GSAOI Phase II Check list

  • General
    • It is strongly recommended to read the notes in the Observing Strategies page before you start to fill the phase II for your program. The page provides some guidelines to maximize observing efficiency and avoid some common errors.
    • Have you selected appropriate templates from the GSAOI OT library? Have you gone through the checklist in the Top-level Program Overview note and included relevant standardized notes? Add notes with information about the program that will make it easier for the observer. Try to use the standardized notes provided in the OT Library.
    • Have you read the details about the overhead calculations? Have you added a note explaining how many reacquisitions you have assumed for the calculation of the overheads? Taking the correct overheads into account, do your defined observations fit within the allocated observing time?
    • Have you checked the GSAOI Baseline Calibrations to see what is offered/required?
    • If the PI requires calibrating standards beyond what is offered in the standard baseline calibrations, these must be defined, including a specific target, and time will be charged against the program for the observation.

  • OT Setup
    • In the GSAOI component, check that the best read mode has been selected for your science observation. Note that the minimum exposure times are defined by the read mode (see Detector Characteristics section)
    • Are the integration times for your science observations reasonable? Are co-adds necessary? The recommended maximum exposure time for a single frame can be found here.
    • Have you checked if the GSAOI observation sequences take no longer than 2.5 hours (including overheads)? If the observations of a particular target require several hours of on-source integration, be sure to create the necessary sequences to re-acquire the target?
    • Have you checked if the sky background (which refers to optical sky background) in the Observing Conditions component has been set to "Any" (1 - 2.5 microns)?
    • Have you checked if the water vapor in the Observing Conditions component has been set to "Any" (1 - 2.5 microns)?
    • If there is a chance that any source will saturate the PI should include a note telling the observer what to do. Possible actions include: 1) nothing, 2) stop the observation and request feedback from the PI, 3) decrease the exposure time, 4) decrease the exposure time and increase the number of co-adds. Decreasing the exposure time may require changing the read mode, so the note should state whether these changes are allowed. Use the standardized notes provided in the OT Library.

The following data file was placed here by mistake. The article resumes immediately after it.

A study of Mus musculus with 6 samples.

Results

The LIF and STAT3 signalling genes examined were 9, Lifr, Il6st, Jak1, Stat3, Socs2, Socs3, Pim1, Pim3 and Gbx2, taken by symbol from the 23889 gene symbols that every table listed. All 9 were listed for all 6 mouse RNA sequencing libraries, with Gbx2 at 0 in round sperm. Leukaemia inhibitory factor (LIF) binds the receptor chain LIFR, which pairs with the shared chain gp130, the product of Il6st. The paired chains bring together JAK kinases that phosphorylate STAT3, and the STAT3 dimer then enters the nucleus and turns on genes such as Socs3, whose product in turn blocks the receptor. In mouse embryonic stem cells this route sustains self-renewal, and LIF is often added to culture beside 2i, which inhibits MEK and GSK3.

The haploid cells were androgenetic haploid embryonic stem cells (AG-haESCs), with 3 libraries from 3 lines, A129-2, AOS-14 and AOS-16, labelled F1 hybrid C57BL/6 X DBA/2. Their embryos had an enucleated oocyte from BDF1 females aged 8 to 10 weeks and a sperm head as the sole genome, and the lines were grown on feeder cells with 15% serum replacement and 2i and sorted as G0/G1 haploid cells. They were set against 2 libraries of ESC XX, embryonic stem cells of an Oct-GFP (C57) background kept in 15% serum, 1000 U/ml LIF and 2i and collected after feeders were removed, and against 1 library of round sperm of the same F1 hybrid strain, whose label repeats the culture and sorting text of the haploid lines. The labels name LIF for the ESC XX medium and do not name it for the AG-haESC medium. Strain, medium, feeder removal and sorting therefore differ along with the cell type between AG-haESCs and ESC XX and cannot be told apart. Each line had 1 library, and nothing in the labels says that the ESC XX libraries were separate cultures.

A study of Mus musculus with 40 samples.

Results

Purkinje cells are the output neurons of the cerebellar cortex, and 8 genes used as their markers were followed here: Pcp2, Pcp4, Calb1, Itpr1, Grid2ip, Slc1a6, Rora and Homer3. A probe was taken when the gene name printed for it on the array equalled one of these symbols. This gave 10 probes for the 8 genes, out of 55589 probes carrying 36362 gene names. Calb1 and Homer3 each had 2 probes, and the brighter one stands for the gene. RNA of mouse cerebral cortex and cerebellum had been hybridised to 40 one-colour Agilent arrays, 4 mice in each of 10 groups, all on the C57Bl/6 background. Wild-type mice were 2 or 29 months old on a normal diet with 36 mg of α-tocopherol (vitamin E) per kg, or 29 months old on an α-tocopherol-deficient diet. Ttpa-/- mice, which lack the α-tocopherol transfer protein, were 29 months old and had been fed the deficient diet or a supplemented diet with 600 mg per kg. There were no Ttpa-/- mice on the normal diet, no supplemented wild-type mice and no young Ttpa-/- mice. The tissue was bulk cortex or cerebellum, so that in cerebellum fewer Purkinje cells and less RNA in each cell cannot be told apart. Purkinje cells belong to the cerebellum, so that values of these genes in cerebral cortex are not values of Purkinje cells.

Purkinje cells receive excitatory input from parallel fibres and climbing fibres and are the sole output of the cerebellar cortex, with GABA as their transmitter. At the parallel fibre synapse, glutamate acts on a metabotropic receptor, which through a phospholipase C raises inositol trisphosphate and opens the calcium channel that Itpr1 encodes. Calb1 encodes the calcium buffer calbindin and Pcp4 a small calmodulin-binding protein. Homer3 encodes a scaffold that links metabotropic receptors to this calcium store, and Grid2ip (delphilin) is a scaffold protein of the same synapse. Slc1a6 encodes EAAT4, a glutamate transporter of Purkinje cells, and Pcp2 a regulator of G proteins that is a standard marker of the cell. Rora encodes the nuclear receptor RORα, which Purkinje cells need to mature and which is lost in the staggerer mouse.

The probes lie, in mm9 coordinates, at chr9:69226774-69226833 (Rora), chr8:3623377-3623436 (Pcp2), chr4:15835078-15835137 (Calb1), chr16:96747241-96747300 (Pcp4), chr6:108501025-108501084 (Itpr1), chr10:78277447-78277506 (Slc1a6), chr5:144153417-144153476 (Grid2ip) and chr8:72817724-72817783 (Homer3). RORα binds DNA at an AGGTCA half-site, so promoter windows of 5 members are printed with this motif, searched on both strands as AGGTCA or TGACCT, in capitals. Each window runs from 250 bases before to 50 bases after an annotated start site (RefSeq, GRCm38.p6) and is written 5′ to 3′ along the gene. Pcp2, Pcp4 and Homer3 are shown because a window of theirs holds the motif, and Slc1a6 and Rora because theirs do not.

• If the target will not be obvious the PI should include a finder chart or use the User (1) in the target component to identified the object. Add a note stating that centering is not important.
    • If the observing sequence is non-standard the PI should include a note so that the observer is not caught off guard (and to prevent the observer from trying to "fix" the observation).
    • Offset iterators should typically be located below sequence iterators (which change the instrument configuration) since the telescope offsets much more quickly than the instrument can reconfigure (e.g. change filters).

  • Sky frames
    • GeMS/GSAOI observations require background subtraction. In the case of sparse fields, the same science images can be used to create a master sky frame to subtract the background as long as enough dither positions are obtained to mask the objects in the individual frames. In the case of crowded fields, fields embedded in a large nebulosity or fields containing an extended object, sky frames have to be acquired using a blank region near the science target.
    • Are sky frames included in the observing sequences? Do you have enough sky frames to properly subtract the sky? The sky may varied significantly in a short interval (2-5 minutes). This particularly true in H (1.65 microns) and K (2.2 microns) bands. Have you included enough sky frame observations to take into account for these variations in the sky?
    • If the blank field for sky observations is located < 5 arcmin from the science target, the sky sequence should be included inside the same observing science sequence using a separate offset iterator (see examples in the OT library). If the blank field for sky observations is located > 5 arcmin from the science target, a separate sequence for the sky should be created. Detailed information about the different strategies to observe the sky can be found here.

  • Guide stars
    • Are CWFS (Canopus Wave Front Sensor) and ODGW (On-Detector Guide Window) guide stars selected for GSAOI? To choose the guide stars, use either the Auto GS or Manual GS (recommended) buttons in the OT position editor (see GeMS/GSAOI Guide Star selection page for details).
    • Ensure that the CWFS and ODGW guide stars are not galaxies. Galaxies are not allowed as Guide Stars.
    • The CWFS NGSs must remain inside the patrol field area of Canopus in all steps defined in the GSAOI offset iterator. The star used for flexure correction (ODGW) must remain inside the area defined by the array where the star was selected. In the case that the ODGW star moves outside the allowed area, an error message will be appear in the OT.
    • The guide state in the offset iterator should be "guide" for all science dithers, and "freeze" for the sky dithers.